While it’s true that the southern regions of England typically boast higher earnings compared to the rest of the country, this financial advantage comes with its own set of challenges, particularly when it comes to the rental market. For those seeking to rent a home in the south, a larger slice of their income will be dedicated solely to meeting rental expenses.
The concept of ‘Rental Affordability’ serves as a valuable metric to gauge the strain exerted on a local rental market. This is determined by calculating the average rent in relation to the average earnings within a specific geographical zone, such as Local Authorities. Essentially, it’s a ratio that highlights how much of a person’s earnings would need to be set aside just to keep a roof over their head.
Nowhere is this issue more pronounced than in the capital city of London. A typical Londoner, earning an average salary within the city, would find themselves allocating a staggering 40% or more of their income just to cover rent. This contrasts sharply with much of the remaining UK, where the proportion of income spent on rent usually falls within a more manageable range of 20% to 30%.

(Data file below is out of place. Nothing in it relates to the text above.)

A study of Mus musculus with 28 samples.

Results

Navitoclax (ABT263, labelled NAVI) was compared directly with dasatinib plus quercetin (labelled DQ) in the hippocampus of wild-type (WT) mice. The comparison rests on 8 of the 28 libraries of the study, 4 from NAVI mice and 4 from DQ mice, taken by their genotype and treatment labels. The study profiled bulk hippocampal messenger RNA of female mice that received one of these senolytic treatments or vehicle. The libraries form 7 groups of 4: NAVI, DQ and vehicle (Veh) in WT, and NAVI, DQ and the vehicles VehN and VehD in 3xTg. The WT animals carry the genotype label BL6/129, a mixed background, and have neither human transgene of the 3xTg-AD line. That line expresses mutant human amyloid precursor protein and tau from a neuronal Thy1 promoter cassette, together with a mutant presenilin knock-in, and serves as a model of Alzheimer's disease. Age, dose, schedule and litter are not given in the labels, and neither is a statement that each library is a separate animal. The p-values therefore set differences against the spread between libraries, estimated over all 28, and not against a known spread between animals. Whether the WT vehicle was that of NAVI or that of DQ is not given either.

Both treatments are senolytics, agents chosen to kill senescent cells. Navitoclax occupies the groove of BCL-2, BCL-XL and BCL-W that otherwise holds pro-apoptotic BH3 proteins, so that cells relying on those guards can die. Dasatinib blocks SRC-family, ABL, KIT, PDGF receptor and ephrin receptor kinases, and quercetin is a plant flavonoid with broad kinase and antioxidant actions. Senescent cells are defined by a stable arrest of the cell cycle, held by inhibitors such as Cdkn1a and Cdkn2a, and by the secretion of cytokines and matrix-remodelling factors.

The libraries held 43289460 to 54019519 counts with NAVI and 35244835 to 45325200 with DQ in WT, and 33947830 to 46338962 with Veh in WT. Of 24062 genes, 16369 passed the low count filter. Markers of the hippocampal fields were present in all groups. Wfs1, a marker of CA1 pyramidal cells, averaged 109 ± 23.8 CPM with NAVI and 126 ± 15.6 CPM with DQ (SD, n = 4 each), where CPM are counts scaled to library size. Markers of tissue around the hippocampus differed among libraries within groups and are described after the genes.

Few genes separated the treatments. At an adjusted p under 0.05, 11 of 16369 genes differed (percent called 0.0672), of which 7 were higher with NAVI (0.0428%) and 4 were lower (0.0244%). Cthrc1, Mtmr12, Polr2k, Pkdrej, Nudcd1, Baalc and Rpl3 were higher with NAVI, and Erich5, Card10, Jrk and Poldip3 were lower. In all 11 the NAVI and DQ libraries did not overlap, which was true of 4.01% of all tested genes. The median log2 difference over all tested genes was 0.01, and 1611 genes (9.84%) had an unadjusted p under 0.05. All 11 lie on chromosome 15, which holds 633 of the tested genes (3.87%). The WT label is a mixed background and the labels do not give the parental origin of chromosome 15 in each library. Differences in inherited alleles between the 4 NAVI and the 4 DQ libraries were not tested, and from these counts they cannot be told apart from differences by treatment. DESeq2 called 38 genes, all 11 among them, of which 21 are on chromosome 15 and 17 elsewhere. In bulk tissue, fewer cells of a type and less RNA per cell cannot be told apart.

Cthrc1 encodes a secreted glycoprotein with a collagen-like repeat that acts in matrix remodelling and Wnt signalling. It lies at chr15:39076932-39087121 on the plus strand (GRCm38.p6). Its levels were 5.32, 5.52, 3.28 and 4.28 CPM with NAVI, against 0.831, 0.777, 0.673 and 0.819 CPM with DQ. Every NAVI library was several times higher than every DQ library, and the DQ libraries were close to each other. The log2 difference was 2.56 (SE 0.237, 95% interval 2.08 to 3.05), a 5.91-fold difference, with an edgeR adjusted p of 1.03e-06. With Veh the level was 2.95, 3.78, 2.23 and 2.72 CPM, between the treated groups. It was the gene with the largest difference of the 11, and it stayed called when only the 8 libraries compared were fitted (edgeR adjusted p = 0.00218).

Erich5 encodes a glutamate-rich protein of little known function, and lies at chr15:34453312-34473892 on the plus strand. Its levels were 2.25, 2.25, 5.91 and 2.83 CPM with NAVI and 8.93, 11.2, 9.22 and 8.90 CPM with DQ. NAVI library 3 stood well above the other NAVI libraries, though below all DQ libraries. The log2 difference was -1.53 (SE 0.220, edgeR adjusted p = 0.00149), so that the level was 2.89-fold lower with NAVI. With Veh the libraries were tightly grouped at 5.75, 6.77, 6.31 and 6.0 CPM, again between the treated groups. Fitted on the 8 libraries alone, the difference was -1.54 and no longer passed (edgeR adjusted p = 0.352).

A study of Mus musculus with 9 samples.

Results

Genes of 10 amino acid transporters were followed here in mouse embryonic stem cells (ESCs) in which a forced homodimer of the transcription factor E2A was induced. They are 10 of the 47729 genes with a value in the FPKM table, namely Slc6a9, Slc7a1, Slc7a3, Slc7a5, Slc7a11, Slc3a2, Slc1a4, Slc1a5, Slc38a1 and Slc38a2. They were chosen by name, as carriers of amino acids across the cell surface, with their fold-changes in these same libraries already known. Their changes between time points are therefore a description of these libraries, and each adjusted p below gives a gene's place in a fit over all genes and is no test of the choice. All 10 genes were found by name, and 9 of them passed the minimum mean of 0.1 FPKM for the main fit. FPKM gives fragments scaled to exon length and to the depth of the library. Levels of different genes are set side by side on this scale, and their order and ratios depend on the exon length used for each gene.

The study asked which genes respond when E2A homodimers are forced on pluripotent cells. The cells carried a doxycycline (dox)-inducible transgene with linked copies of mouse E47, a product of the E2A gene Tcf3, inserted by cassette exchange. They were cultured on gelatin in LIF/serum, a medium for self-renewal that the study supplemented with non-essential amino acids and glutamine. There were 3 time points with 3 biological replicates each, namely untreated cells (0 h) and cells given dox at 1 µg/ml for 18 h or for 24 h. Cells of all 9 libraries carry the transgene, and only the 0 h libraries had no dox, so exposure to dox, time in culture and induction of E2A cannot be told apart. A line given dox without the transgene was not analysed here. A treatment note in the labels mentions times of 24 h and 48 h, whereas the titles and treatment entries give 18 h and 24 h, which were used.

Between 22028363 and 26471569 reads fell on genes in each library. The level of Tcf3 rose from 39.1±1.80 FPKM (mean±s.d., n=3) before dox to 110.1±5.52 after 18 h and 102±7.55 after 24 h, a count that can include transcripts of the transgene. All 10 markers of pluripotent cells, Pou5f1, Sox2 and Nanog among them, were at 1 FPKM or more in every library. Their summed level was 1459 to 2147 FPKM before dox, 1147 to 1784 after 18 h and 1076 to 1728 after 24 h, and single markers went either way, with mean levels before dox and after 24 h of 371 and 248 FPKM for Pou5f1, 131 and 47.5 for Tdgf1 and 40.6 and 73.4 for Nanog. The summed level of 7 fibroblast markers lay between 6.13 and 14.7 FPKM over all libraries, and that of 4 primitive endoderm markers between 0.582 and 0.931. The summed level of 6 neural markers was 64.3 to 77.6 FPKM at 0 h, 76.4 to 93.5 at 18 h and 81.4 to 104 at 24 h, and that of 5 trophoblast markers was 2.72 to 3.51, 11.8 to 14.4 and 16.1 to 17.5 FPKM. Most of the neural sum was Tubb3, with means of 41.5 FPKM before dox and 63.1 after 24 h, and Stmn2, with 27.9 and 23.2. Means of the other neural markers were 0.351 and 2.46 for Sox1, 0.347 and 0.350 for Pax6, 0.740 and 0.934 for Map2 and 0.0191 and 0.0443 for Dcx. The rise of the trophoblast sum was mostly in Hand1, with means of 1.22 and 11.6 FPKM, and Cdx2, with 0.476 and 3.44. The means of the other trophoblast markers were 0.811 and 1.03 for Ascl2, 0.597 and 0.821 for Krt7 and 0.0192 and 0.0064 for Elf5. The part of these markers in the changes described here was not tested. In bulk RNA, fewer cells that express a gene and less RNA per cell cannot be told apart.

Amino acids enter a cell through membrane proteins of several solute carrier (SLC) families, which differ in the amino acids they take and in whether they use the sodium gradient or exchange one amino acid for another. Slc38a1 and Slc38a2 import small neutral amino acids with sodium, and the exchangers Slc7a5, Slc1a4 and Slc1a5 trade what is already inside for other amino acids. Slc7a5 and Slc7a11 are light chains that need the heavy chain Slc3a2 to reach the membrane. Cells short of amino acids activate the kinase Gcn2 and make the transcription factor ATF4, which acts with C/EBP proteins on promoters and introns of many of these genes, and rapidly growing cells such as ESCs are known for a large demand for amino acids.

However, it’s not all doom and gloom. One silver lining is that while rents have been on the uptick, so have salaries. For those who are earning more, this can sometimes mean that there’s still a reasonable amount left over for other life expenses, from groceries to leisure activities.
Interestingly, there are pockets within the home counties that defy the general trend, offering a more balanced scenario. In areas like East and North Hertfordshire, Dover, and Folkestone, only about 20–30% of a typical income goes toward rent, making these locations outliers in an otherwise challenging landscape.
Source: #Dataloft Rental Market Analytics, Information Works, Land Registry.